Jay & the Americans

  • Vocal doo wop group formed in 1960 from Queens, New York, New York. The founding members were John “Jay” Traynor (lead vocals), Kenny Vance (born Kenny Rosenberg, vocals), Sandy Deanne (born Sandy Yuguda, vocals) and Howie Kane (born Howard Kirschenbaum, vocals). Their greatest success in the 60s was after Traynor was replaced by Jay Black (born David Blatt) in 1962. Also in 1962, they added a fifth member, vocalist and guitarist Marty Sanders.
  • In 1959, high school friends Vance, Deanne and a female classmate formed a vocal group called the Harborlites. A local record label owner heard them and agreed to release a single recorded by the trio. It became popular New York City, but Vance and Deane felt that they would have more success as an all-male vocal group. They spoke to their manager, who also was managing a doo wop group called The Mystics. The Mystics had recently added Jay Traynor to the group, but Traynor wasn’t happy, so with their manager’s recommendation, Traynor joined Vance and Deanne in 1960. Deanne’s friend Kane soon joined, and they had a quartet. They auditioned for songwriters and producers Leiber and Stoller, who liked the vocal group and gave them the name Jay & the Americans.
  • Leiber and Stoller helped the newly formed group land a recording contract, and in 1961, they released their debut single, a cover of Tonight from the Broadway musical West Side Story. It didn’t get much attention, and their follow-up single Dawning floundered, until a west coast DJ began to play the B-Side, a song called She Cried. She Cried became a hit in 1962, peaking at #5 on the Hot 100. They quickly cut an album (titled She Cried), but three singles failed to chart, and Traynor decided to leave, unwilling to keep up with the demands of touring.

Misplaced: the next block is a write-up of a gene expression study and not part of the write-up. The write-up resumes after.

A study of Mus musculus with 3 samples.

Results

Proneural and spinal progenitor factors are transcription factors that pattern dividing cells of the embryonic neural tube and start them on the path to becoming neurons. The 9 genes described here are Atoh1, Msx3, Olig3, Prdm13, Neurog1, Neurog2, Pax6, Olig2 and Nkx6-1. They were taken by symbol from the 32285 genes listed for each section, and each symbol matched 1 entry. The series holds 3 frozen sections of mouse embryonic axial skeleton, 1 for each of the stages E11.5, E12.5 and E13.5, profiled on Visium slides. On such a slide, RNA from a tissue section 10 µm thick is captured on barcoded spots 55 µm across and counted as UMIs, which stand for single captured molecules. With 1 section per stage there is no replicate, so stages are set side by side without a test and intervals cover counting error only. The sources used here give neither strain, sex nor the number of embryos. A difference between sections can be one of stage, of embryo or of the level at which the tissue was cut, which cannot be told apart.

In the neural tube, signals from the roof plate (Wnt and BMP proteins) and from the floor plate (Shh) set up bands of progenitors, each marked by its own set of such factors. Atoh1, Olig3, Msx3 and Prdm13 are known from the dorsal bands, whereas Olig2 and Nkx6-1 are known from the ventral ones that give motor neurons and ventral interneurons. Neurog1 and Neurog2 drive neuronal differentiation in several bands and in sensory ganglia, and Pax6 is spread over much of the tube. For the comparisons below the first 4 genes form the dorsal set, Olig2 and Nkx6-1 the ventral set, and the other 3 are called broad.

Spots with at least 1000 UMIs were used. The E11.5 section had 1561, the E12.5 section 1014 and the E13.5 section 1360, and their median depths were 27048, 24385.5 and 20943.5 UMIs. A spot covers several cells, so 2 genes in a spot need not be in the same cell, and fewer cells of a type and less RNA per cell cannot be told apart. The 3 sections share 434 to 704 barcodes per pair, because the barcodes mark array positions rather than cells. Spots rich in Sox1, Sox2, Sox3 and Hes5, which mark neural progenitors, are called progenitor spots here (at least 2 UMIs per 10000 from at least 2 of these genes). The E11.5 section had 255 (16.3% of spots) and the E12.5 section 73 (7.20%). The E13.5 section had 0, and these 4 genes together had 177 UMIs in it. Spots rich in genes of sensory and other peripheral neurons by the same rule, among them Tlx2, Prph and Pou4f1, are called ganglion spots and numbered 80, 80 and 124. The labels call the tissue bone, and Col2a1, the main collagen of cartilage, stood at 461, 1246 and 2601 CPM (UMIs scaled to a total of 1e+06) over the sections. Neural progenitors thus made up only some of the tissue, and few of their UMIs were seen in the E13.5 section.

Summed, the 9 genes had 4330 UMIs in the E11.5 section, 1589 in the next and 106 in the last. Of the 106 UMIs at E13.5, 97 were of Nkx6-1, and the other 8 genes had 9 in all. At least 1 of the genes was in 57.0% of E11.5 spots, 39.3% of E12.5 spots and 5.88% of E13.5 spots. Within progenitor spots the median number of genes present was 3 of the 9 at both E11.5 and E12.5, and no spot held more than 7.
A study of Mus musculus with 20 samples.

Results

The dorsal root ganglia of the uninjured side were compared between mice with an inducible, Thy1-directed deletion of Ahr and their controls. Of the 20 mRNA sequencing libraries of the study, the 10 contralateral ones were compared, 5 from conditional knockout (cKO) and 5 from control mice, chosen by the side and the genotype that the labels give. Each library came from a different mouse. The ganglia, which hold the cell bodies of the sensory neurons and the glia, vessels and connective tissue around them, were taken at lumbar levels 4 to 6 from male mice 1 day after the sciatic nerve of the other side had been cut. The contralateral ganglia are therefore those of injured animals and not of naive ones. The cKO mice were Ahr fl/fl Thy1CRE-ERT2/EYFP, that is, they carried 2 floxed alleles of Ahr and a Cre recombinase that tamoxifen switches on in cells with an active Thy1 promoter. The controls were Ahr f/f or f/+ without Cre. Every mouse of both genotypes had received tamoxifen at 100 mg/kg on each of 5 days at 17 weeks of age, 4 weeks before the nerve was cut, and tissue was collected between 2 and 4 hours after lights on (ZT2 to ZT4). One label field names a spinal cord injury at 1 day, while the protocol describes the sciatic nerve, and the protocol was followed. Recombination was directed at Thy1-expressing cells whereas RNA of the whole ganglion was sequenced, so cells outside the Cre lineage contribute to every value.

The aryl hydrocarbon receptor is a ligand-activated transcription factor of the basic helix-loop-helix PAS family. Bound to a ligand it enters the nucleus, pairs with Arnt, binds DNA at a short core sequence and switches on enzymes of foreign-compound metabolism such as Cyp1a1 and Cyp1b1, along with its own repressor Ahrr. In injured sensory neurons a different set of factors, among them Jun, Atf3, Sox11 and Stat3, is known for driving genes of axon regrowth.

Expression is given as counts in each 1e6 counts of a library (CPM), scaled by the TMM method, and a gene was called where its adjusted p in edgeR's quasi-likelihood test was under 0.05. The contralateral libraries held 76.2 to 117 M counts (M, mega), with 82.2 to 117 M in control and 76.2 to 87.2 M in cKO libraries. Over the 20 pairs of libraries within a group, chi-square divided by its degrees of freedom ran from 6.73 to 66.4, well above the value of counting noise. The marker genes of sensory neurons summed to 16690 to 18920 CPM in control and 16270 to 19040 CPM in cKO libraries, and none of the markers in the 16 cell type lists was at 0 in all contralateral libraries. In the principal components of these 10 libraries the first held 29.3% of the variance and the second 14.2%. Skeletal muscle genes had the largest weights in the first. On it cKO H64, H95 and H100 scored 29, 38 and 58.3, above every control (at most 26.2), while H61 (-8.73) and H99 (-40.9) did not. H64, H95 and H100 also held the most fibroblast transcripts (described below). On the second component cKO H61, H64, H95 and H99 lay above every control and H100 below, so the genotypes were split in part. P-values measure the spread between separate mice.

• Sanders was recruited to join the group as vocalist and guitarist. Sanders had been a member of the Empires. He suggested his former bandmate Black as a potential replacement for Traynor. Black auditioned, singing Cara Mia, and the group asked him to join after Black agreed to change his name to Jay Black. Back in the studio, they recorded the Leiber and Stoller song Only In America. The single peaked at #25 on the Hot 100. They recorded an album titled Come a Little Bit Closer, and the title track became their biggest hit, peaking at #3 in 1964.
  • Now a successful group, Jay & the Americans opened for the Beatles on the Beatles’ first American tour, and later that year they shared the bill with the Rolling Stones at Carnegie Hall. Late in 1964, they released Let’s Lock the Door (And Throw Away the Key), which reached #11 on the Hot 100. Their Blockbusters album was released in 1965, which included Black’s audition song Cara Mia – the single reached #4. Two more top 20 singles were released that year – their cover of Some Enchanted Evening (from the Broadway musical South Pacific) reached #13 while Sunday and Me (one of Neil Diamond’s earliest songwriting credits) peaked at #18.
  • As the British Invasion began to dominate rock music, Jay & the Americans began to lose their appeal. They chose to remain true to their doo wop legacy despite the evolving tastes of musical styles. They managed to reach the top 40 in 1966 with a cover of Roy Orbison’s Crying (peaking at #25), in 1968 with a cover of the Drifter’s This Magic Moment (peaking at #6), and in 1969 with a cover of the Ronettes’ Walkin’ in the Rain (peaking at #19). In 1971, they released their last single, a cover of There Goes My Baby, and they continued to tour until 1974, when they split.
  • Black continued to perform as Jay & the Americans, while the other members moved on to other things. In 2006, Black was deep into debt due to gambling and he filed for bankruptcy. He was forced to sell the rights to the name of the group as part of the bankruptcy settlement. The winning bid was by former bandmate Deanne, who wanted to keep the name from falling into the hands of imposters. There was one other bid for the name – a man in Chicago named Jay Reincke who pulled out of the auction due to an Illinois law that prohibited anyone from performing under a musical name without having at least one original member in the band. Deanne contacted Reincke after the legal proceeding were complete. Reincke said that he had been singing Jay & the Americans songs in his local band for years and that he could properly maintain the classic sound. Deanne and Kane flew to Chicago to watch Reincke perform (including Cara Mia), and soon after, Reincke became the third Jay.
  • Deanne, Kane, Reincke and Sanders continue to perform today as Jay & the Americans. The original Jay, Jay Traynor, died in 2014. The second Jay, Jay Black, died in 2021. Here is the group performing Cara Mia on Shindig in 1965.